Wimbledon 2013: Kyle Edmund misses out on boys' final

By Ian WestbrookBBC Sport
Kyle Edmund

Kyle Edmund's dreams of winning the boys' singles were ended after he lost 6-4 6-4 to Italy's Gianluigi Quinzi in the semi-finals.

The 18-year-old could not reproduce the form he had shown in earlier rounds.

The sixth seed broke in the seventh game of each set, while Edmund failed to win any of his six break points.

Edmund later had the consolation of a win in the quarter-finals of the boys' doubles together with Portuguese partner Frederico Ferreira Silva.

The top seeds were trailing in the first set but hit back to beat sixth seeds Clement Geens and Noah Rubin 7-6 (7-3) 6-3.

In the semi-finals they will play French/Italian pair Enzo Couacaud and Stefano Napolitano, who on Thursday beat the last remaining all-British pair Julian Cash and Joshua Sapwell in the second round.

Couacaud and Napolitano overcame Australian duo Jay Andrijic and Bradley Mousley in their quarter-final.

Edmund was making his third appearance on Court Three when he strode out for his singles match, following his first round defeat to Jerzy Janowicz in the men's singles competition and his boys' quarter-final on Thursday.

There was hardly a seat to be had as the match began in hot sunshine and Greg Rusedski, who has worked with Edmund for many years, was among the crowd.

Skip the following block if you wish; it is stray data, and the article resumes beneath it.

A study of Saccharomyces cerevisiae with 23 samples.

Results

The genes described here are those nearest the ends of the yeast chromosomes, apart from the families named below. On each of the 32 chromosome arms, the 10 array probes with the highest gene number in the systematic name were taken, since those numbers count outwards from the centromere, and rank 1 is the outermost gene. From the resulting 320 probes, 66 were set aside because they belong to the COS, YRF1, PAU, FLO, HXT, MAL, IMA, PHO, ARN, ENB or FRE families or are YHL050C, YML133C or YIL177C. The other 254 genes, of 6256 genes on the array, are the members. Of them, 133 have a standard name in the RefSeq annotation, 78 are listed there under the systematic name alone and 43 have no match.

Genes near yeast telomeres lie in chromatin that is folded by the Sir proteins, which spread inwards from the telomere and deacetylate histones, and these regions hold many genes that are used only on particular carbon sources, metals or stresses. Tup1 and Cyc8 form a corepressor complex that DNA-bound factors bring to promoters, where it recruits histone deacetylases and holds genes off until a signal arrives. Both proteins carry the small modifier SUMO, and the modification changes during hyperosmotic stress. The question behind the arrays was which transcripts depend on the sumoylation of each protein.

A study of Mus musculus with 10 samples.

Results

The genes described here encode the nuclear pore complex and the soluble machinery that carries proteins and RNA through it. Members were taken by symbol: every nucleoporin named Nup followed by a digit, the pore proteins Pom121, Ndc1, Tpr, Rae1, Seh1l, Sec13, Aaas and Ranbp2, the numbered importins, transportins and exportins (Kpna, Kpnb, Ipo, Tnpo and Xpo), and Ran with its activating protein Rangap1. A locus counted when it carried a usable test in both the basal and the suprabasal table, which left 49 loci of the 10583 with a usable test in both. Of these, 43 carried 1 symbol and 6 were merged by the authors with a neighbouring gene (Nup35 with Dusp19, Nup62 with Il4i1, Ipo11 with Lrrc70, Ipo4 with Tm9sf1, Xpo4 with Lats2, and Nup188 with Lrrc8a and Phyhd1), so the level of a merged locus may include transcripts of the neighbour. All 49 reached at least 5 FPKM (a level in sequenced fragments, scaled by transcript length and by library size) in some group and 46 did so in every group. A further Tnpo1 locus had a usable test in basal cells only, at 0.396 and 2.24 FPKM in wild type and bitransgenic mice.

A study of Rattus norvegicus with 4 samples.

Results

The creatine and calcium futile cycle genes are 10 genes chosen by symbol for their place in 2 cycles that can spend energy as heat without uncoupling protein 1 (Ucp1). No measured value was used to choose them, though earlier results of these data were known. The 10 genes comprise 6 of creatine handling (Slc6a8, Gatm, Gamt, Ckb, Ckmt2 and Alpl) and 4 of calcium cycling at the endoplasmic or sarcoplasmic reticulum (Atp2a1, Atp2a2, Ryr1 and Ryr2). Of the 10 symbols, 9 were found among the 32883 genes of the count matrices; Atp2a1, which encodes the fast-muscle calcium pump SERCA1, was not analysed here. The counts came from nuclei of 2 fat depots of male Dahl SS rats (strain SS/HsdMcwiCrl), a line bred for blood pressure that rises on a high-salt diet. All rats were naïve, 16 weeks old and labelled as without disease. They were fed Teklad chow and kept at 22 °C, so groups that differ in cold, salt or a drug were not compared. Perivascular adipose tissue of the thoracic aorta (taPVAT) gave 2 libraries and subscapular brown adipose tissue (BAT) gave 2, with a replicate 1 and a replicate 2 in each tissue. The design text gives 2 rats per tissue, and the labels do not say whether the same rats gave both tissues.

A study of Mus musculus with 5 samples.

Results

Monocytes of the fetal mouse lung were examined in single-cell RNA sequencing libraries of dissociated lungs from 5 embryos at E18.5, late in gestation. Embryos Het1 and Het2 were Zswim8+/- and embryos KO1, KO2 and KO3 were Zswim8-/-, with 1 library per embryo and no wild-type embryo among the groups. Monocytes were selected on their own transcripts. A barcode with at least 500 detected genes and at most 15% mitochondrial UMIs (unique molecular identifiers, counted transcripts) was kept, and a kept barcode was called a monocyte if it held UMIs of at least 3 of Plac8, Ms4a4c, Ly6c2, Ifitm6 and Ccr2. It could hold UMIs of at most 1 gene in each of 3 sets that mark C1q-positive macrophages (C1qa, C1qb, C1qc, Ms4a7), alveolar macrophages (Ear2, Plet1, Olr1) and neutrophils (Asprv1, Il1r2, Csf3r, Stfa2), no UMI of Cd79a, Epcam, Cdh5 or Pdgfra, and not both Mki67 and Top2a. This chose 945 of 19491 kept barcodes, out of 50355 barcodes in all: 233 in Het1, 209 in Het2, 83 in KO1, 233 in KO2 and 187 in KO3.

Edmund had three break points in the sixth game, each of them saved by the 17-year-old Italian, who then broke in the next, which had included a tense 15-stroke rally.

The level of an already high-quality match went up a notch in the following game, which lasted more than 13 minutes and contained nine deuces as well as a code violation warning for Quinzi, who was close to losing his cool.

Edmund had two more break points, but again could not capitalise and the Italian went on to clinch the 43-minute set with an ace.

In Thursday's quarter-final win over Stefan Kozlov, Edmund successfully came from behind after losing the opening set.

This time, however, he was unable to put a pumped-up Quinzi under significant pressure and the Italian, who celebrated key moments with loud yells, broke to lead 4-3 and quickly finished off the 36-minute set to secure his place in the final.

A sign of the respect between the players was shown at the end when the Briton came round the net to congratulate his opponent.